Back in the 1990s politicians dreamt up a way of funding new hospitals, prisons, and schools and keeping the borrowing away from national debt. It was John Major’s government that began the private finance initiative (PFI) scheme, which was much loved by Gordon Brown who expanded on it, and which we still see being used now. The highly respected academic Allyson Pollock was a lone voice for many years highlighting the folly of PFI—many have since caught up with her and now condemn such projects.
Under the scheme, private companies would borrow the funds to build the hospital, prison, or school and then be guaranteed payments from the government (the tax payer) for the next 30 years, bringing about huge profits and a guaranteed income. So solid was the investment that private financiers sold their PFI schemes on international markets to make even larger profits. Government backed debt repayment schemes are seen as rock solid investments by City financiers.
It is PFI debt repayments that now hang around the necks of many hospitals across the country, and which lead to huge holes in their finances that shift funds away from patients and into the boardrooms of City financiers. We hear politicians saying that our country is broke, but they don’t tell us that billions of pounds of our taxes are going to private companies profiting from our NHS, education, and penal system.
There are many PFI schemes around the country and it’s been estimated that we will pay more than £300bn to private companies for these PFI deals—more than five times the assets are worth at £57bn. Shockingly, that means that over £250bn of tax payers’ money has been handed over to the private sector, when it could have been spent on struggling public services.
One example of this is the Norfolk and Norwich Hospital, where a new hospital was built at a cost to the private financier of £229m. Over the whole term of the deal the total cost to the taxpayer is estimated to be an eye watering £1.16bn—yes, that does say billion. The hospital must make payments each year—last year they paid £57m—and cannot get out of this deal until at least 2037. The hospital currently has a deficit of approximately £32m per year.
We now have the possibility of PFI version 2 heading towards us. It has been announced that the NHS is looking to borrow £10bn from “hedge funds” to shore up the NHS’s ailing finances. It is PFI on steroids going to the City—who we all know are benevolent types with no ulterior motives.
It is now accepted by many (including the influential and independent King’s Fund) that the NHS is underfunded to the tune of billions, with the government’s requirement that the NHS make efficiency savings of around £22bn by 2020 widely judged to be undeliverable. Healthcare’s funding gap is only going to grow given the lower than inflation increases to the NHS budget over the past 10 years. More worryingly, things are set to worsen in the coming three years with even more paltry increases to the NHS budget. The NHS has always needed—and usually received—around 3-4% annual increases to keep up with advancing technology and the increased costs of healthcare for our population. On average, the increase has been 0.9% a year since 2009, leading to a huge hole in the NHS’s finances.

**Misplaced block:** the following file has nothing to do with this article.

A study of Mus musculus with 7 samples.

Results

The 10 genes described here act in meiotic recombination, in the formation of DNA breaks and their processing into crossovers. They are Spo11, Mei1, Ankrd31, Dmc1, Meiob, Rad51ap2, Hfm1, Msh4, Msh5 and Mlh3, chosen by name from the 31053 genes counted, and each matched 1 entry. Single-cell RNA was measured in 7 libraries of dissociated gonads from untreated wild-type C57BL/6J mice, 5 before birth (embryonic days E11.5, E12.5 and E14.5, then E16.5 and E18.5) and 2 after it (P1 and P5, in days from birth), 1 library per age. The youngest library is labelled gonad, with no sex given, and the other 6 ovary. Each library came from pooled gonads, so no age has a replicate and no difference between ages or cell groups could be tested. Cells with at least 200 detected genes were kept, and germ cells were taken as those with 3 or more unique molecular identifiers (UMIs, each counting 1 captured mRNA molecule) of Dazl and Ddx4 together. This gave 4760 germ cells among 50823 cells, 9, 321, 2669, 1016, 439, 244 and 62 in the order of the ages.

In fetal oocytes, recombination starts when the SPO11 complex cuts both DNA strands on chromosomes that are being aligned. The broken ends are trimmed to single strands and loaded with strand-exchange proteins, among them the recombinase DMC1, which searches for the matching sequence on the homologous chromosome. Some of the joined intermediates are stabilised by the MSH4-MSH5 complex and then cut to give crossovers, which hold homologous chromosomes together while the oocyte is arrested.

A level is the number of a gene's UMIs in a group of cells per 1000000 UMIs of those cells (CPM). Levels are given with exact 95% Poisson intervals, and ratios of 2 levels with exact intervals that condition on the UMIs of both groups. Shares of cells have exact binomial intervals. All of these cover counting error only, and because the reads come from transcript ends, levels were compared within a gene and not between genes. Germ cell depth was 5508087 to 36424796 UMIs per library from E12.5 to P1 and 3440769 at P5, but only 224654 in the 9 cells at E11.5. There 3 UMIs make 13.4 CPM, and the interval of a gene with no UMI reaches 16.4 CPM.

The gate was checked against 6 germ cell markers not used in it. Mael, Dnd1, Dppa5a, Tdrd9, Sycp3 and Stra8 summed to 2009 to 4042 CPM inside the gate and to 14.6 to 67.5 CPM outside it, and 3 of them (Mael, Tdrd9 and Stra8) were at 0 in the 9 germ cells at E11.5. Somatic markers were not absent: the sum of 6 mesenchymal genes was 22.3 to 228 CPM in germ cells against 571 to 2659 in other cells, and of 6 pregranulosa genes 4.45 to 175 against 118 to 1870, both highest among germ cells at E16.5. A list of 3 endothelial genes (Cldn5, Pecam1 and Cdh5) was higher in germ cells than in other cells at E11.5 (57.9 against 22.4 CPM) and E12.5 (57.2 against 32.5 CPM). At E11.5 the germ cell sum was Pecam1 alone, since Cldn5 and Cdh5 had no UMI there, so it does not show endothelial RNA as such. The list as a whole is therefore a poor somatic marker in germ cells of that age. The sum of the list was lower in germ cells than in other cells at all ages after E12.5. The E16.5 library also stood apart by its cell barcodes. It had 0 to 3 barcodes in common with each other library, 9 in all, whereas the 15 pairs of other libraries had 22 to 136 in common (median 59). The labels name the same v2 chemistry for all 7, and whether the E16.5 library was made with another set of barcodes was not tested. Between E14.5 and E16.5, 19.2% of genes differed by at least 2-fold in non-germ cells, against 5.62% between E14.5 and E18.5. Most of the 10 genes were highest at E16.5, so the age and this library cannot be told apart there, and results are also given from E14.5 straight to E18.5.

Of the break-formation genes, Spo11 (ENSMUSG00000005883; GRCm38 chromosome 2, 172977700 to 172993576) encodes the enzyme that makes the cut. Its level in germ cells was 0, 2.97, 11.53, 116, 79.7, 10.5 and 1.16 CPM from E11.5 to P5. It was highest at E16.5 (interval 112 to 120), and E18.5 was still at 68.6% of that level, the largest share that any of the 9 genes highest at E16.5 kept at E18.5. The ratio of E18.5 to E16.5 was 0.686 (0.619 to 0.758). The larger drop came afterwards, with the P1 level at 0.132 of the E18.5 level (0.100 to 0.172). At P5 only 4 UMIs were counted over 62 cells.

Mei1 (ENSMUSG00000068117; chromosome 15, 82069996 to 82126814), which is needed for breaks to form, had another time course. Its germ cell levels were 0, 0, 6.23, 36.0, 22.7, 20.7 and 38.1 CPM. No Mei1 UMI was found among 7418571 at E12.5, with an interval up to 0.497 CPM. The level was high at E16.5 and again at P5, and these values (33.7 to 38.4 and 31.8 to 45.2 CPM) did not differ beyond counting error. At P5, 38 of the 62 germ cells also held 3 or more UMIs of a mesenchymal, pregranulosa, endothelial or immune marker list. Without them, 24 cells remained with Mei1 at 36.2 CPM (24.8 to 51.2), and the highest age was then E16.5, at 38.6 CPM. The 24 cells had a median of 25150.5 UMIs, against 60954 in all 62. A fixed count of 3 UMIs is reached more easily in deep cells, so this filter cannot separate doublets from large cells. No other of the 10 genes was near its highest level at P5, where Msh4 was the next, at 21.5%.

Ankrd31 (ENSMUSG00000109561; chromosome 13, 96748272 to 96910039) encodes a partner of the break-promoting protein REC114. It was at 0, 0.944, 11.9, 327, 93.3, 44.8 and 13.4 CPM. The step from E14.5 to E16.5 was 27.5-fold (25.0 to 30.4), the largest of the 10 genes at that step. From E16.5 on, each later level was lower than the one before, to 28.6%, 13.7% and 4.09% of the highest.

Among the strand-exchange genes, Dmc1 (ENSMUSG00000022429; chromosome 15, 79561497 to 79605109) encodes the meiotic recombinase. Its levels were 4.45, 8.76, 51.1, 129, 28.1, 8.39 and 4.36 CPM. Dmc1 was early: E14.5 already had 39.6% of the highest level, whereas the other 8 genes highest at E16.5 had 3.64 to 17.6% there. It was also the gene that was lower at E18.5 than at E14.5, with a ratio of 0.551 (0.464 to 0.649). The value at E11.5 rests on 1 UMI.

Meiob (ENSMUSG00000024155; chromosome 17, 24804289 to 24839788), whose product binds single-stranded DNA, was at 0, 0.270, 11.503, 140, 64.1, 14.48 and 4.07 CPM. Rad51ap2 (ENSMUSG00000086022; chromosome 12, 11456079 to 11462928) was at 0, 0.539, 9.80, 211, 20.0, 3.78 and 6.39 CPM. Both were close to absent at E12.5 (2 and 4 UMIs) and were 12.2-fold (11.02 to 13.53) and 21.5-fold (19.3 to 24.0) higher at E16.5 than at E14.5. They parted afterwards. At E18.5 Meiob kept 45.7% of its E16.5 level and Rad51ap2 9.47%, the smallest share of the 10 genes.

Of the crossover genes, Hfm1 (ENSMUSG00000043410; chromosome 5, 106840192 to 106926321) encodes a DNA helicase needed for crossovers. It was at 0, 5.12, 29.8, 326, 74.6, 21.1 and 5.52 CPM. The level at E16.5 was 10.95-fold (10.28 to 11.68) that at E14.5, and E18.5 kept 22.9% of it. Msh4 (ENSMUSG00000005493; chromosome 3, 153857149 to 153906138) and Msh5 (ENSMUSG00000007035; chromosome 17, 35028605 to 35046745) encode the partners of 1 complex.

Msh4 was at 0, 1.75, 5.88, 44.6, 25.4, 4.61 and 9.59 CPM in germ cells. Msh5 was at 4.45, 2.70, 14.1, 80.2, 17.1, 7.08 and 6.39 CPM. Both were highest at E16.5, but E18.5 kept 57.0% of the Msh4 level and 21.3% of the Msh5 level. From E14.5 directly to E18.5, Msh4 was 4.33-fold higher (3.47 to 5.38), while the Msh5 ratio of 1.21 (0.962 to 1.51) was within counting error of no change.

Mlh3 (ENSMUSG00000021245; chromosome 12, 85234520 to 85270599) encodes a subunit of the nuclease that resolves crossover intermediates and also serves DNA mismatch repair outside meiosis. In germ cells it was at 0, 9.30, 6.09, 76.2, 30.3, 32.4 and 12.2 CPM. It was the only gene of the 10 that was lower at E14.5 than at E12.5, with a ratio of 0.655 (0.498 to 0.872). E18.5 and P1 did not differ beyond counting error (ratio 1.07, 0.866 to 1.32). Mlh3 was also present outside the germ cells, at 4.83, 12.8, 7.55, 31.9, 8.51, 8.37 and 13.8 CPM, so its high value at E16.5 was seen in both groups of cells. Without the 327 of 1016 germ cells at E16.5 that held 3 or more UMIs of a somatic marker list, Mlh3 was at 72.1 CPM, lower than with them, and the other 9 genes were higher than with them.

We are not a poor country, as many economists will state, and it is a political decision to underfund the NHS on such a grand scale. Large sums of money are wasted on time consuming competitive tendering. We recently saw the collapse of a procurement process to award a contract worth £687m in Staffordshire at a cost of over £800 000. This is just one example of many where millions of pounds are spent on management consultants, lawyers’ fees, and accountancy and PR executives. Some have estimated that the money wasted on tendering exercises across the country runs into the billions each year.
The decision by the government to look at borrowing £10bn from City based hedge funds for the NHS sends a shiver down the spine of NHS staff and NHS campaigners across the country. They know that the hedge funds will maximise their profits from the borrowing and ensure that they can extract as much money as possible from lengthy deals, which are likely to be very expensive to the tax payer. Any interest payment or profit made by the hedge funds is money lost to the NHS and to direct patient care.
The government could, if it wished, borrow the required funds for the NHS at lower interest rates and enable the NHS to receive the injection of cash that it has been deliberately starved of over the past 10 years. It would be even better if the government just funded the NHS adequately from progressively implemented general taxation—this is fair to society and fair to the tax payer. It will also go some way to defuse the claim by some that the NHS cannot continue as it is and that charging must be brought in or insurance policies introduced. Many feel that this is actually what the government is hoping comes about from their deliberate neglect of the NHS.
Serious questions need to be asked of our politicians and they must be held to account for any deal they sign with City based hedge funds. We must all ask questions of our MP about this deal as it will saddle the NHS with mountains of debt payments for many years to come.
PFI has been a disaster for NHS finances since the 1990s and this latest idea must not be allowed to add to that and makes things even worse.
David Wrigley is a GP in Carnforth, Lancashire. He is also deputy chair of BMA Council, and the co-author of the books NHS for Sale and NHS SOS. You can find him on Twitter @davidgwrigley. The views in this article are his own and don’t represent any organisation he’s affiliated to.
Competing interests: I am a member of the BMA Council and the BMA General Practitioners Committee. I am chair of Doctors in Unite (Medical Practitioners Union). I am co-author of the books NHS for Sale and NHS SOS.